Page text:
Re: cycling on the pavement cost family 150k
- From: Doug <jagmad@xxxxxxxxxx>
- Date: Tue, 22 Jun 2010 10:24:48 -0700 (PDT)
On 22 June, 09:54, JNugent <jennings...@xxxxxxxxxxx> wrote:
Mrcheerful wrote:At least there is a little justice but the life of the victim can
he sneaked up the inside of a turning truck, but his family still got some
What can one make of that report? Perhaps it isn't accurate, because it does
not seem totally consistent with the outcome.
The cyclist bypassed some congestion by the expedient of cycling along a
footway, then returned to the carriageway alongside a lorry (ie, on its
nearside) in a spot where he could not see the vehicle's indicators (the
lorry was turning left) and the driver could not see him.
How, then, can it be the driver's fault or the vehicle owner's fault?
As the report said:
"Simon Michael, the family's barrister, told the court that the fatal
accident occurred after Mr Donald briefly headed onto the pavement close to
his home in Graham Road, Hackney when a gap in the markings of the cycle lane
he had been travelling on coincided with a traffic snarl-up".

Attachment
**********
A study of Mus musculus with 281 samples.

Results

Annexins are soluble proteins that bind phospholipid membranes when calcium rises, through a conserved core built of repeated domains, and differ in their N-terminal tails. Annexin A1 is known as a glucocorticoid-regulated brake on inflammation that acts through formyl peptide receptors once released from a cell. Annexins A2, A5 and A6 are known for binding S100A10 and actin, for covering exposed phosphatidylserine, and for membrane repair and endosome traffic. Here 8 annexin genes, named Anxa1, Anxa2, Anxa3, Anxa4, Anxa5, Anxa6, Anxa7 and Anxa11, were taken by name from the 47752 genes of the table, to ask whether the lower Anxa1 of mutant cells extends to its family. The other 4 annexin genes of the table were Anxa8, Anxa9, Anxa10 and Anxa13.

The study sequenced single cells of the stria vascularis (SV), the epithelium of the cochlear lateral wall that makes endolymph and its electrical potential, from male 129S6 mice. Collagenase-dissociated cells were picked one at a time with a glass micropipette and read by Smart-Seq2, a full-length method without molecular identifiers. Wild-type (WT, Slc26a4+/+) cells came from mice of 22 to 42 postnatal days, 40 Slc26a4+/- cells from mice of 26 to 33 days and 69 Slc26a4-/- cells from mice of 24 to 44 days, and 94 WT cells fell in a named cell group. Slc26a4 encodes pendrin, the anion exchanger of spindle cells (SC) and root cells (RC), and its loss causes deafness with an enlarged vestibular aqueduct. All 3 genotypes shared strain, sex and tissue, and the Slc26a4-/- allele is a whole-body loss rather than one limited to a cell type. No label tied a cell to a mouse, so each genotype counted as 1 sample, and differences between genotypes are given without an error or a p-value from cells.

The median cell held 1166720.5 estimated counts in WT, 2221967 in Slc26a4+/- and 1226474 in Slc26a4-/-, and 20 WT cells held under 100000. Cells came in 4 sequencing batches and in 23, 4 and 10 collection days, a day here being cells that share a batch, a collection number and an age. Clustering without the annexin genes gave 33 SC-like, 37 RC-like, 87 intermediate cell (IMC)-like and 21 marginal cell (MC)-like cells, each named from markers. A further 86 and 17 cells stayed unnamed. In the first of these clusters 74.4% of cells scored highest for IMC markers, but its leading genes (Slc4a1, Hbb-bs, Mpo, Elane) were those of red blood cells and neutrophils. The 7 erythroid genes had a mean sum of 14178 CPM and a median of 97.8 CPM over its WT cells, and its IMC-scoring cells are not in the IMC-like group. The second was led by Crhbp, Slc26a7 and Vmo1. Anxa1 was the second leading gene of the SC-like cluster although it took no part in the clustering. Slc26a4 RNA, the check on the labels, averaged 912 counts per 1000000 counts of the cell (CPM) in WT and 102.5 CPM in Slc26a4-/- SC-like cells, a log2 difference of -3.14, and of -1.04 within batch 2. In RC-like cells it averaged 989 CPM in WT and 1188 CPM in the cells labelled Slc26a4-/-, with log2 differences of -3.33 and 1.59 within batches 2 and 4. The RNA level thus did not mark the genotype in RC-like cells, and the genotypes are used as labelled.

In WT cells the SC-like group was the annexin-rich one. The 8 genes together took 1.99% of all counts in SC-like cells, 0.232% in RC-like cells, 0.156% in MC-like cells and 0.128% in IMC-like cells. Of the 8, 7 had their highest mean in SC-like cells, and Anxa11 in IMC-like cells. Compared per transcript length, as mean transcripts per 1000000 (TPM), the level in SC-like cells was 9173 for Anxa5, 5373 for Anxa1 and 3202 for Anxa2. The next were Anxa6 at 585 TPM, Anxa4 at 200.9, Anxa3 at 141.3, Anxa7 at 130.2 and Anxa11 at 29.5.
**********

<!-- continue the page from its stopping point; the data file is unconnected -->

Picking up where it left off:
And of course, probably the last thing he would want to do would be to wait
like everyone else. So onto the footway he went (but it was only "briefly").
The judge's comments on the "confusing" nature of cycle lane markings seem to
be an exercise in ultimate non-sequiturs. Surely he wasn't saying - or trying
to say - that this TV and film set-builder was too unintelligent to know that
you aren't allowed to cycle along footways in Dalston? Or that the absence of
a cycle lane means that he could do as he liked?
£335,000 is a fearful amount of money to have awarded against one even if it
is covered by insurance. There is an obvious and understandable temptation in
such cases for the judge to try to find reasons to compensate a bereaved
family. I've seen it happen in a case in which I was a witness, thirty+ years
ago. I shouldn't have been surprised if the insurance company had appealed
against it. However, the passage: "The family agreed to accept a payout on
the basis of 75 percent of full liability, due to the fact that Mr Donald had
left the road and travelled on the pavement just prior to his death" seems to
indicate some sort of bargain made in connection with the proceedings.
never be reclaimed.
So, an HGV with faulty mirrors was the cause then. There are so many
faulty vehicles and drivers on our roads at present, which the
government seems either to tolerate or ignore, is it any wonder that
so many are killed or seriously injured? While the penalties for this
carnage remain so derisory?
The usual attempt to direct blame at the vulnerable victim, because he
had been cycling on the pavement prior to the collision, obviously
failed this time around. Yet another victory for justice!
UK Radical Campaigns
A driving licence is a licence to kill.